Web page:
Effect of Carbohydrate Overfeeding on Whole Body and Adipose Tissue Metabolism in Humans
Article first published online: 6 SEP 2012
2003 North American Association for the Study of Obesity (NAASO)
Volume 11, Issue 9, pages 1096–1103, September 2003
How to Cite
Minehira, K., Bettschart, V., Vidal, H., Vega, N., Di Vetta, V., Rey, V., Schneiter, P. and Tappy, L. (2003), Effect of Carbohydrate Overfeeding on Whole Body and Adipose Tissue Metabolism in Humans. Obesity Research, 11: 1096–1103. doi: 10.1038/oby.2003.150
- Issue published online: 6 SEP 2012
- Article first published online: 6 SEP 2012
- Received for review February 19, 2003; Accepted in final form July 15, 2003
- de novo lipogenesis;
- pentose-phosphate pathway;
- carbohydrate overfeeding
Objective: To evaluate the effect of a 4-day carbohydrate overfeeding on whole body net de novo lipogenesis and on markers of de novo lipogenesis in subcutaneous adipose tissue of healthy lean humans.
Research Methods and Procedures: Nine healthy lean volunteers (five men and four women) were studied after 4 days of either isocaloric feeding or carbohydrate overfeeding. On each occasion, they underwent a metabolic study during which their energy expenditure and net substrate oxidation rates (indirect calorimetry), and the fractional activity of the pentose-phosphate pathway in subcutaneous adipose tissue (subcutaneous microdialysis with 1, 613C2, 6, 62H2 glucose) were assessed before and after administration of glucose. Adipose tissue biopsies were obtained at the end of the experiments to monitor mRNAs of key lipogenic enzymes.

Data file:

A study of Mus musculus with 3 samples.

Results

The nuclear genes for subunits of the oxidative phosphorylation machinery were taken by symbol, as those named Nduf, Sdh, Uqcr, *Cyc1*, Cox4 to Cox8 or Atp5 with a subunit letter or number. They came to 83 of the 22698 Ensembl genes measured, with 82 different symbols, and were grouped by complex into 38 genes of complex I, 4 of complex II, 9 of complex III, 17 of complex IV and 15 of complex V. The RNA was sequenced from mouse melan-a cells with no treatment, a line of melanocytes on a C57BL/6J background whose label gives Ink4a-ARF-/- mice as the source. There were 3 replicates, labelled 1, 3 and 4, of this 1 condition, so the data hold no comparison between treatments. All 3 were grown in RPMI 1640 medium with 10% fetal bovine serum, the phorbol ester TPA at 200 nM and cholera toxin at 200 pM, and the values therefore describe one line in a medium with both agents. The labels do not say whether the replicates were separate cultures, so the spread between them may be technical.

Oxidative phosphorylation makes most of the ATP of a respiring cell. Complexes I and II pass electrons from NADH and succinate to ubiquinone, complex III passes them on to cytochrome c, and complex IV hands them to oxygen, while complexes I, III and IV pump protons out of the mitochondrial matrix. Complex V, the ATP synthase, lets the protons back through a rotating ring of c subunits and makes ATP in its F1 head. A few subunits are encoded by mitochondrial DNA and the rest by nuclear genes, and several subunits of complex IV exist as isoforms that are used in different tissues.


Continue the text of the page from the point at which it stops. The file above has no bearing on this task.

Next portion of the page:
Results: Carbohydrate overfeeding increased basal and postglucose energy expenditure and net carbohydrate oxidation. Whole body net de novo lipogenesis after glucose loading was markedly increased at the expense of glycogen synthesis. Carbohydrate overfeeding also increased mRNA levels for the key lipogenic enzymes sterol regulatory element-binding protein-1c, acetyl-CoA carboxylase, and fatty acid synthase. The fractional activity of adipose tissue pentose-phosphate pathway was 17% to 22% and was not altered by carbohydrate overfeeding.
Discussion: Carbohydrate overfeeding markedly increased net de novo lipogenesis at the expense of glycogen synthesis. An increase in mRNAs coding for key lipogenic enzymes suggests that de novo lipogenesis occurred, at least in part, in adipose tissue. The pentose-phosphate pathway is active in adipose tissue of healthy humans, consistent with an active role of this tissue in de novo lipogenesis.